Data de nascimento: 5. Fevereiro 1788
Data de falecimento: 2. Julho 1850


Ajudou a criar o conceito moderno da força policial do Reino Unido. Seu pai era um fabricante de têxtil na Revolução Industrial. Peel foi educado na Escola primária Hipperholme, depois em Harrow School e finalmente na Christ Church, em Oxford.

Faleceu em Londres em 2 de julho de 1850, a consequência de um acidente de cavalo na estrada Constitution Hill. Encontra-se sepultado em St Peter Churchyard, Drayton Bassett, Staffordshire na Inglaterra.

Citações Robert Peel

„It was impossible to reconcile the repeal of the Corn Laws by me with the keeping together of the Conservative party, and I had no hesitation in sacrificing the subordinate object, and with it my own political interests.“

— Robert Peel
Letter to Lord Aberdeen (19 August, 1847). Lord Mahon and Edward Cardwell (eds.), Memoirs by the Right Honourable Sir Robert Peel. Part II (London: John Murray, 1857), p. 322.


— Robert Peel
Letter to J. W. Croker (27 July 1842). Charles Stuart Parker (ed.), Sir Robert Peel from His Private Papers. Volume II (London: John Murray, 1899), p. 529.

„... if wheat were at this moment subject to a duty of twenty shillings the quarter, and if Indian corn were virtually excluded, next winter would not pass without a convulsion endangering the whole frame of society, without the humiliation of constituted authorities forced to yield after a disgraceful struggle... if their [the Protectionists] advice had been taken, we should have had famine prices for many articles, and a state of exasperated public feeling and just agitation, which it would require wiser heads than theirs to allay. So far from regretting the expulsion from office, I rejoice in it as the greatest relief from an intolerable burden. To have your own way, and to be for five years the Minister of this country in the House of Commons, is quite enough for any man's strength. He is entitled to his discharge, from length of service. But to have to incur the deepest responsibility, to bear the heaviest toil, to reconcile colleagues with conflicting opinions to a common course of action, to keep together in harmony the Sovereign, the Lords and the Commons; to have to do these things, and to be at the same time the tool of a party— that is to say, to adopt the opinions of men who have not access to your knowledge, and could not profit by it if they had, who spend their time in eating and drinking, and hunting, shooting, gambling, horse-racing, and so forth— would be an odious servitude, to which I will never submit. I determine to keep aloof from party combinations.“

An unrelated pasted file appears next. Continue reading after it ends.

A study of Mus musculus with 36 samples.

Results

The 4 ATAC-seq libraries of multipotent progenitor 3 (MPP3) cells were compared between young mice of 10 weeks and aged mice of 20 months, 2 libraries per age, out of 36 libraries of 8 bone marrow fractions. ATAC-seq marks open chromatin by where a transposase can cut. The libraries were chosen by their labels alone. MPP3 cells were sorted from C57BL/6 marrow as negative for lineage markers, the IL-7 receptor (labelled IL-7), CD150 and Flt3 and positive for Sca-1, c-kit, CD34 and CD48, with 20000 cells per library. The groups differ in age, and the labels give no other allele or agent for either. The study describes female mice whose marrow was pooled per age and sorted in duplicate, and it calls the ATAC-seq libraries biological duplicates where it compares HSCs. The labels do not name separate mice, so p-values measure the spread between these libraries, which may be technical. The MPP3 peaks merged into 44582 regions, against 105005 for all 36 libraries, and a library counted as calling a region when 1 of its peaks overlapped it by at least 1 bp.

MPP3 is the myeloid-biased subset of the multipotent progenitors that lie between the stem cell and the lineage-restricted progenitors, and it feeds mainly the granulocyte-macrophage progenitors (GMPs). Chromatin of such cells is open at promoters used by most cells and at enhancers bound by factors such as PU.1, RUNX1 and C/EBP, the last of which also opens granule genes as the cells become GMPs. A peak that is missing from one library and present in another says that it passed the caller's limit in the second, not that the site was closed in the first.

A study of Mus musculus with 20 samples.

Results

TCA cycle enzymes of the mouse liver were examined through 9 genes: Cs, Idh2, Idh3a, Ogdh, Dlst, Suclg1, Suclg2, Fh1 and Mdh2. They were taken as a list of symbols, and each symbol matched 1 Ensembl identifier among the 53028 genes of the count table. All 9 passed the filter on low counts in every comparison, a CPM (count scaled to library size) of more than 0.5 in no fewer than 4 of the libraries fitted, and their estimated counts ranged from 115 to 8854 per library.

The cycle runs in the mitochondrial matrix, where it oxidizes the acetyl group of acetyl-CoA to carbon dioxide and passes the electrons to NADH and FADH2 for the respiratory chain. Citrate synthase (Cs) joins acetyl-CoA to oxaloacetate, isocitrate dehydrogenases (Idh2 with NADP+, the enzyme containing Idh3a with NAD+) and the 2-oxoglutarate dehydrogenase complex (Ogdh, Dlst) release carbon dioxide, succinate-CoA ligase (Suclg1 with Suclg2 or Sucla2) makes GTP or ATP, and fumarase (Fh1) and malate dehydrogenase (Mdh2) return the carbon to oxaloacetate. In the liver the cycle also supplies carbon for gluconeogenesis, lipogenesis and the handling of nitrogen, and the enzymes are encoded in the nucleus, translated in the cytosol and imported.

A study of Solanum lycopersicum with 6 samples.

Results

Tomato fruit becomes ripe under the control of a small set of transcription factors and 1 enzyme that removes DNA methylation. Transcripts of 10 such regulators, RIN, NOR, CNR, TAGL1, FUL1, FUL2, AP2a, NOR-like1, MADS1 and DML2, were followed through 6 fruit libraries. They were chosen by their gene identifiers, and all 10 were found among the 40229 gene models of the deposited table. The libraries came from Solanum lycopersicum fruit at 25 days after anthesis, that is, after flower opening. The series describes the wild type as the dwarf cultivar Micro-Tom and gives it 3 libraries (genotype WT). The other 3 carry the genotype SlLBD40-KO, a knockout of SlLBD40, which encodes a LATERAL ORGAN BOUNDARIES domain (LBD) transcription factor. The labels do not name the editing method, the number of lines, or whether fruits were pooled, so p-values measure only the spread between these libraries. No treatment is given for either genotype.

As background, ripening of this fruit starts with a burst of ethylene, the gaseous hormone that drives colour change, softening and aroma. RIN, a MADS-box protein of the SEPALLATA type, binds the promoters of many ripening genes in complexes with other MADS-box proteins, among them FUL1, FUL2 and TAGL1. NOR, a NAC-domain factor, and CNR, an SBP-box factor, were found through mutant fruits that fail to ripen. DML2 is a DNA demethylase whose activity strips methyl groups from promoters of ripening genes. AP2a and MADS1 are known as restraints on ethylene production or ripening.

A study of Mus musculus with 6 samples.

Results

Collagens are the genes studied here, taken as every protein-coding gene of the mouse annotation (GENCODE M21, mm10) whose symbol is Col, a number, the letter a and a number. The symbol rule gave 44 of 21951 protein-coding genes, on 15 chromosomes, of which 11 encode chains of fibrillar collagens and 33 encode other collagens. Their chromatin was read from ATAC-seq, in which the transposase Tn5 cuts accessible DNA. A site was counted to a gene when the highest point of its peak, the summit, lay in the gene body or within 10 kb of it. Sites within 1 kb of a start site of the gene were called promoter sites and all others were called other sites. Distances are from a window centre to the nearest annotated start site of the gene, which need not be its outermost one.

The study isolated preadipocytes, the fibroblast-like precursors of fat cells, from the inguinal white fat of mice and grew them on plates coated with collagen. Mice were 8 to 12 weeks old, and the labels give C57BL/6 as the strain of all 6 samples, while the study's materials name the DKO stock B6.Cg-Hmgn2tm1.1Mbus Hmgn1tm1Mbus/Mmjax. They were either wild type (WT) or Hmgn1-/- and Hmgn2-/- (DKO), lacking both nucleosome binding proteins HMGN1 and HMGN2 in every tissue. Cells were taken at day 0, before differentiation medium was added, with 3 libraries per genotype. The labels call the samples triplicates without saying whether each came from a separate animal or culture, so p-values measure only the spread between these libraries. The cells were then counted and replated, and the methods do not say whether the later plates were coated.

— Robert Peel
Letter to Lord Hardinge (24 September, 1846). Charles Stuart Parker (ed.), Sir Robert Peel from His Private Papers. Volume III (London: John Murray, 1899), pp. 473-474.

„Our object was to avert dangers which we thought were imminent, and to terminate a conflict which, according to our belief, would soon place in hostile collision great and powerful classes in this country. The maintenance of power was not a motive for the proposal of these measures; for, as I said before, I had not a doubt, that whether these measures were accompanied by failure or success, the certain issue must be the termination of the existence of this Government... in proposing our measures of commercial policy, I had no wish to rob others of the credit justly due to them... The name which ought to be, and will be, associated with the success of those measures, is the name of one who, acting, I believe, from pure and disinterested motives, has, with untiring energy, made appeals to our reason, and has enforced those appeals with an eloquence the more to be admired because it was unaffected and unadorned: the name which ought to be chiefly associated with the success of those measures, is the name of Richard Cobden... In relinquishing power... I shall leave a name execrated by every monopolist who, from less honourable motives, clamours for protection because it conduces to his own individual benefit; but it may be that I shall leave a name sometimes remembered with expressions of good will in the abodes of those whose lot it is to labour, and to earn their daily bread by the sweat of their brow, when they shall recruit their exhausted strength with abundant and untaxed food, the sweeter because it is no longer leavened by a sense of injustice.“

— Robert Peel
[http://hansard.millbanksystems.com/commons/1846/jun/29/resignation-of-the-ministry Resignation speech] in the House of Commons (29 June 1846) after the repeal of the Corn Laws.